Market Barriers are Major Block to Energy Efficiency Investments
February 2007 - Energy Efficiency
Up to 90 percent of energy use in various end-use energy markets is affected by real and persistent market barriers, a new study finds.
The American Council for an Energy-Efficient Economy (ACEEE) conducted the International Energy Agency-funded, five-country study of market barriers that limit private investment in energy-efficient end-use technologies, called “Quantifying the Effects of Market Failures in the End-Use of Energy.”
The study finds that in the U.S., some 50 percent of the major end-uses for energy in the residential sector are affected by just one type of market barrier.
The project involved research experts from Australia, Japan, the Netherlands, Norway, and the United States, under the guidance of and with funding support from the International Energy Agency. Energy agencies in each country supported their case study research, with methodology, project management, and reporting coordinated by ACEEE.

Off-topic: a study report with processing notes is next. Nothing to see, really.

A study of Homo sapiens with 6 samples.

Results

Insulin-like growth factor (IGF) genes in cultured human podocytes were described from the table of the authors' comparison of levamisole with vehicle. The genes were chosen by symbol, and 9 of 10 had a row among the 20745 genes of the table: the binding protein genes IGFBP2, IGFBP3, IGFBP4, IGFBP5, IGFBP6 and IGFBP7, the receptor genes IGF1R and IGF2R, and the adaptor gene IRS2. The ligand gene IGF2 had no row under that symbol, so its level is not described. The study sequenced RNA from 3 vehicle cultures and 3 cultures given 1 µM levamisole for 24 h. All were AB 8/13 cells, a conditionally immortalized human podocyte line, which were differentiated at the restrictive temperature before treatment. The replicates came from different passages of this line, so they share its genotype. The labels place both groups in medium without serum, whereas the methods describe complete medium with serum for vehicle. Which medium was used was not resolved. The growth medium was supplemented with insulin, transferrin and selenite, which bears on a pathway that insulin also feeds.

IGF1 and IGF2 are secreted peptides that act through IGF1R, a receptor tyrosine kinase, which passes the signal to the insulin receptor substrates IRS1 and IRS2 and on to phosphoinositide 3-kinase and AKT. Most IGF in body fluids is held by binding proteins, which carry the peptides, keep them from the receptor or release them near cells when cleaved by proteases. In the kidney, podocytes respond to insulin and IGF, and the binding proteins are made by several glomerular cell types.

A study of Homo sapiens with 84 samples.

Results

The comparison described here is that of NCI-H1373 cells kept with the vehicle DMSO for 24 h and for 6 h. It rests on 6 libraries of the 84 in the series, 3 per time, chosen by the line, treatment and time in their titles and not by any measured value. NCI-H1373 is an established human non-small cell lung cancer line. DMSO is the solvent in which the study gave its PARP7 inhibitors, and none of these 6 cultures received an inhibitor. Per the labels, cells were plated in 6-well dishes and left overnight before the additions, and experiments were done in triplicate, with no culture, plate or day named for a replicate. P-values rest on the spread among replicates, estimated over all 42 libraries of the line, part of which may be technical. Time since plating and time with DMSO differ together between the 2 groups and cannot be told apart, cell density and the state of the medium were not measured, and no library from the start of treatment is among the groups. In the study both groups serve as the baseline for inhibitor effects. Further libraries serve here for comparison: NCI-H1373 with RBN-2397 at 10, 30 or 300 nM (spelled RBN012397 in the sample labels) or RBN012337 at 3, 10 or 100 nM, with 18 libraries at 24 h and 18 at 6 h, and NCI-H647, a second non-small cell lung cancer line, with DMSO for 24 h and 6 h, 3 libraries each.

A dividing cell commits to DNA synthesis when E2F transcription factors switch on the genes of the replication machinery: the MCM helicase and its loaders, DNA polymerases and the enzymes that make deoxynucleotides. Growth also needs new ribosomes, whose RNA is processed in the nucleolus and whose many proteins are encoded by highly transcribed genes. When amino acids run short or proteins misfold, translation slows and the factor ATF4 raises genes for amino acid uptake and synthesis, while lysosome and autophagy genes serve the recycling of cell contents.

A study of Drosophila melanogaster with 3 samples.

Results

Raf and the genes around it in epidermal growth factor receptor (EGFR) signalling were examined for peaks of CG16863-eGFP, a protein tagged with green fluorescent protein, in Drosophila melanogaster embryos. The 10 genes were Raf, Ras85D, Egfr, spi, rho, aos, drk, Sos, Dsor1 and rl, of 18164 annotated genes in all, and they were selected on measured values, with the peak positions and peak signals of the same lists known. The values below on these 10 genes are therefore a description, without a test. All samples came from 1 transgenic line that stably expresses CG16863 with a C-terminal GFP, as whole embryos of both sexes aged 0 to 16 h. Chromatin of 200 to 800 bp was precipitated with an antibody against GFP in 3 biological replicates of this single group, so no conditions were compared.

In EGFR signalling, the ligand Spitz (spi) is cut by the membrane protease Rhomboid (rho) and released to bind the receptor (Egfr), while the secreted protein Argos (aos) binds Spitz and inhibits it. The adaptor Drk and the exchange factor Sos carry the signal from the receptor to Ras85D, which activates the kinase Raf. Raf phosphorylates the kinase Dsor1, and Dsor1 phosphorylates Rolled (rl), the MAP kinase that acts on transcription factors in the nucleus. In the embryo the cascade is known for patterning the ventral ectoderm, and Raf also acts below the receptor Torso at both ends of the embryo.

The study focused on two main types of barriers:
- “Principal-agent” barriers, in which one party makes decisions regarding the energy efficiency of a building or energy-using device as an “agent” on behalf of the “principal,” the party that pays the end-use energy bill.
- “Information-cost” barriers, sometimes called transaction-cost or search-cost barriers, where energy users are not willing or able to invest the time and cost necessary to find the economically optimal efficiency choice when buying energy-using products.
A sample of findings indicates that 40-90 percent of commercial leased office space energy use is affected by the principal-agent barrier alone.